This isn't your mother's mammogram.
It seems we live in a time when everything's going digital – televisions, cell phones, pagers – even mammograms.
Clearly, women would appreciate an alternative to traditional mammograms, which compress and then x-ray the breast.
“It's not everybody's favorite,” said Barbara Croft, director of the biomedical imaging program at the National Cancer Institute. “It's a real issue that everybody would like to get around.”
Although no new technology is set to replace film mammography as the prime tool in detecting breast cancer, new devices including digital mammography, known as DM, are promising to serve as important complements.
DMs are faster than film mammograms and doctors can manipulate the images. By magnifying the images, doctors can better view possible calcifications, or the tiny calcium deposits that may indicate a small tumor. Without that tool, doctors suspicious of a possible tumor are more likely to call back patients, including women without breast cancer. DM promises to cut the rate of false-positives, now estimated between five and 20 percent.
The new technology also lets doctors store images in a computer so the files can be copied or sent electronically to radiologists thousands of miles away. And without film, doctors don't have to worry about scratched or misplaced negatives.
In a joint study of nearly 7,000 women by the University of Colorado and the University of Massachusetts, DM was found to detect cancer in nine women missed by traditional film mammography. However, 16 cancers detected by film mammography were missed by DM and eight were missed by both. The study showed a slightly lower call-back rate for DM, 12 percent compared to 15 percent.
At last week's annual meeting of the Radiological Society of North America's in Chicago, where the joint study was unveiled, doctors also released a study on DM and computer-aided detection, known as CAD. In its first clinical test of nearly 13,000 women, CAD increased breast cancer detection in asymptomatic women by 20 percent, according to the study.
“The challenge in diagnosing early breast cancer is detecting very subtle abnormalities on the mammogram,” said Timothy W. Freer, director of the Women's Diagnostic and Breast Health Center in Plano, Texas, and head of the CAD study. “CAD simply enhances our ability to detect these abnormalities at the earliest possible time.”
“While digital has not yet proven to be better than film mammography in detecting cancers, it is likely to improve rapidly,” said John Lewin, director of breast imaging research at the University of Colorado Health Sciences Center.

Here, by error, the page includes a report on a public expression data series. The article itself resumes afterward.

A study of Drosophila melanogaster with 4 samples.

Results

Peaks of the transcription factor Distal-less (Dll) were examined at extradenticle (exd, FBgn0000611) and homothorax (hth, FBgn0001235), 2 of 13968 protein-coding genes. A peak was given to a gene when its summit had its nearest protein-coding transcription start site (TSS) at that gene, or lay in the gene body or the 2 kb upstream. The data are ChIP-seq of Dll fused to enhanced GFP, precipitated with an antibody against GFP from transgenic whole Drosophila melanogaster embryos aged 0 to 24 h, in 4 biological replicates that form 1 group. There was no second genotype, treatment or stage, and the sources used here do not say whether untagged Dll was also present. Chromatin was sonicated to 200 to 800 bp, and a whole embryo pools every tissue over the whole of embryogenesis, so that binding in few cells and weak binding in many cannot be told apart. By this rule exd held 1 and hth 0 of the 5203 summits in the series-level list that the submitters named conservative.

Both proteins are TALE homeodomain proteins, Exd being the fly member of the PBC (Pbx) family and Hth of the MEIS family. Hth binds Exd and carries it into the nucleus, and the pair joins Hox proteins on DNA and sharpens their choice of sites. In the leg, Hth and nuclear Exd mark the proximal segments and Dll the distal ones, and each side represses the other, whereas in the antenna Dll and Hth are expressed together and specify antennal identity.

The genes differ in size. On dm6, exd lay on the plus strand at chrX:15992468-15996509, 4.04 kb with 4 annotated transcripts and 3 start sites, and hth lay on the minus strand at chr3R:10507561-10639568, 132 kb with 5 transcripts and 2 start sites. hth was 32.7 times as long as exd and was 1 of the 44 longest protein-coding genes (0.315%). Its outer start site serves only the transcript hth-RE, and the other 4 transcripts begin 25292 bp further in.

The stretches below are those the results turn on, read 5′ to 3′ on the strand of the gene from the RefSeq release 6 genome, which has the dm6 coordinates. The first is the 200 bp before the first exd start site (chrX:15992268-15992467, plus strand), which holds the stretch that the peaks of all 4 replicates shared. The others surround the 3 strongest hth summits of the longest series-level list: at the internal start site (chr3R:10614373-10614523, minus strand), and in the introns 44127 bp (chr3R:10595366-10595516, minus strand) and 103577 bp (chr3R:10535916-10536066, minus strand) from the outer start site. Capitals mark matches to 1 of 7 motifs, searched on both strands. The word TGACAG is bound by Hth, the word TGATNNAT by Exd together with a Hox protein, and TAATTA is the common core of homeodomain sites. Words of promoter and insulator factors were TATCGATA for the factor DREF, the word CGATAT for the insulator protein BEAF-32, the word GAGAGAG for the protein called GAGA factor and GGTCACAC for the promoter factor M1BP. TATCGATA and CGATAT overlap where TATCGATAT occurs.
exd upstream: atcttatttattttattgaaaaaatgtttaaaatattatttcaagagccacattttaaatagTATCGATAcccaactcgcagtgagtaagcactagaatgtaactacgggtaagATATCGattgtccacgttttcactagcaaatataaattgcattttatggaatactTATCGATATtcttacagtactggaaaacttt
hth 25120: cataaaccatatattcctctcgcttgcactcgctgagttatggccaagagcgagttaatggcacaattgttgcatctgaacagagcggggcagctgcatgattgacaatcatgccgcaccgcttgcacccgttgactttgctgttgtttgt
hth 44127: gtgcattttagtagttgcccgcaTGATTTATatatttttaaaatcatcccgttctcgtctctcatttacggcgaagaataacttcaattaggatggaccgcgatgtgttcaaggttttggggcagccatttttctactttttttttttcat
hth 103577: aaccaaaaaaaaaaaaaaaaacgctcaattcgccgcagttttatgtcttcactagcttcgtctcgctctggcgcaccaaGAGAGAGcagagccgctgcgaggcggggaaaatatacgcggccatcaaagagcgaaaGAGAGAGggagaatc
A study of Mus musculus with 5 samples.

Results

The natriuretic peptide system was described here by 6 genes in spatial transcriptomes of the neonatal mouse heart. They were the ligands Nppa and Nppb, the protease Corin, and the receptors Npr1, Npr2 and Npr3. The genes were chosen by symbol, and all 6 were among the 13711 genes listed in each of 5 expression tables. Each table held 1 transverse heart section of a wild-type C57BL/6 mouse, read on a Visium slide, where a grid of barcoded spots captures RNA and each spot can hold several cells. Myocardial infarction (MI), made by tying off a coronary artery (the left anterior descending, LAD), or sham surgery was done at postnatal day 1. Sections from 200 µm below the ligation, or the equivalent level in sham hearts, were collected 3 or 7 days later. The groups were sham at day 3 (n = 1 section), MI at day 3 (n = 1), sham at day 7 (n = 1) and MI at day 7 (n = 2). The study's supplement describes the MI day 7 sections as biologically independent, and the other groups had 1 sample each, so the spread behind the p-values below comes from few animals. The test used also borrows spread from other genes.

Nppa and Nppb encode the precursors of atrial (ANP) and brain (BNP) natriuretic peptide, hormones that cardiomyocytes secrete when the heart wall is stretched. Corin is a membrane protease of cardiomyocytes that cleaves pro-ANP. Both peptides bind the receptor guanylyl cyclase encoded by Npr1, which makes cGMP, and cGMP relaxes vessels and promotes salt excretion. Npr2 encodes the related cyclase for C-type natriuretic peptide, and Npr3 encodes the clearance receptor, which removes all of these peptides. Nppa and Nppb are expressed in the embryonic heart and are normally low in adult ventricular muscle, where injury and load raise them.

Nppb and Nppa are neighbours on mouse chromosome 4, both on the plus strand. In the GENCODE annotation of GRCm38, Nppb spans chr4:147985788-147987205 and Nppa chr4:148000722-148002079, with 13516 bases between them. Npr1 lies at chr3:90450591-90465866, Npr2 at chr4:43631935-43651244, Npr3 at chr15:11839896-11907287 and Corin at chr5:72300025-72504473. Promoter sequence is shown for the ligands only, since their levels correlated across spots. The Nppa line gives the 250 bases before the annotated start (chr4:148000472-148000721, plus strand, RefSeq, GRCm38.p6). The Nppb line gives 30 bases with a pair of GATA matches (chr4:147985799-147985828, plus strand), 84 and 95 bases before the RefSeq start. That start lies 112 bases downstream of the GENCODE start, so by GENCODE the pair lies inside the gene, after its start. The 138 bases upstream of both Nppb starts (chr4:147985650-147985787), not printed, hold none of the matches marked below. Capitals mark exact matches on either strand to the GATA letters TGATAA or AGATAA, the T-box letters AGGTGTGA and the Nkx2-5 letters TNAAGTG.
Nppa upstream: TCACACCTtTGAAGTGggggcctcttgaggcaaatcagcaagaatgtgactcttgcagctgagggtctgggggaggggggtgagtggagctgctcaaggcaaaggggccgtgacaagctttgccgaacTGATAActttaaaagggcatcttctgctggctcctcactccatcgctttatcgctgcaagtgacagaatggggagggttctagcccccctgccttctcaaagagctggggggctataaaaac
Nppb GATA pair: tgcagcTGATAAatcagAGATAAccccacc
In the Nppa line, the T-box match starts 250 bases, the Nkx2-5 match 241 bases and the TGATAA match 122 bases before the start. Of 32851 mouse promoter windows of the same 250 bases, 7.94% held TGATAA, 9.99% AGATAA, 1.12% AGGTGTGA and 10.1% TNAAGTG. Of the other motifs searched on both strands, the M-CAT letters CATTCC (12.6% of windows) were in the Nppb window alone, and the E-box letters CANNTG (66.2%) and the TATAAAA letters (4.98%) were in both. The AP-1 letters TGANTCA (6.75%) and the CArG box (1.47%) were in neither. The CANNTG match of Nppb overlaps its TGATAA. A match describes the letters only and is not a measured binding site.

Since January, when the Federal Drug Administration approved the first and only DM machine, General Electric has installed about 100 units for clinical and commercial use worldwide, including 60 in the United States. So why aren't more hospitals and clinics biting? The machine's cost, at $500,000, is about five times the cost of traditional mammography machines.
“There's no question digital mammography is a very good tool but the problem right now is it's very expensive,” said Robert Smith, director of cancer screening at the American Cancer Society in Atlanta.
But GE points out that over five years, using DMs can be cost-effective. DM cuts exam time in half, allowing increased volume, and because it doesn't require the use of film, chemicals or storage space, it reduces costs.
Although DM is not the only new breast cancer detection technology being tested, it has the most promise, doctors say. Magnetic resonance imaging or MRIs, nuclear injections and ultrasounds – they are all being studied as the wave of the future in breast cancer detection. Even the heat seeking technology responsible for the Star Wars' program has found its way into clinical trials at prestigious cancer institutes.
MRIs and ultrasounds are now tapped as a second exam for women with questionable mammogram results. And although they might be better at detecting differences between benign and malignant tumors, they cannot detect microcalicifications. And they are expensive. The tests themselves cost $300 to $400, six times as much as mammograms, and it's doubtful whether medical facilities could afford to replace $85,000 mammogram machines with $1 million MRI equipment.
In 1997, a Long Island company acquired rights to heat-seeking technology invented by California's Jet Propulsion Laboratory and used for the Star Wars program to use as a breast cancer detection tool. The technology created to spot Soviet missile launches uses infrared sensors and a camera to detect changes in blood flow in the breast and the presence of nitric oxide, two hallmarks of cancer. The FDA approved the device, known as the BioScan System, for marketing in December. Since the summer, there have been small trials at three cancer institutes.
“This device might find its role as an add-on to mammography,” said Terry Button, a metaphysicist at Stoneybrook, where 30 pre-biopsy patients have taken part in a clinical trials. But it's still too early to tell exactly how effective the screening is and when it will be available, he added.
Although some of the new methods in detecting cancer might hold water in the future, there's skepticism in the medical community since the procedures are still in the experimental phase. In the meantime, doctors say traditional mammography is the best method – and the only proven one – for detecting breast cancer.
“When the first one is pretty good, it's hard to show something better,” said Croft.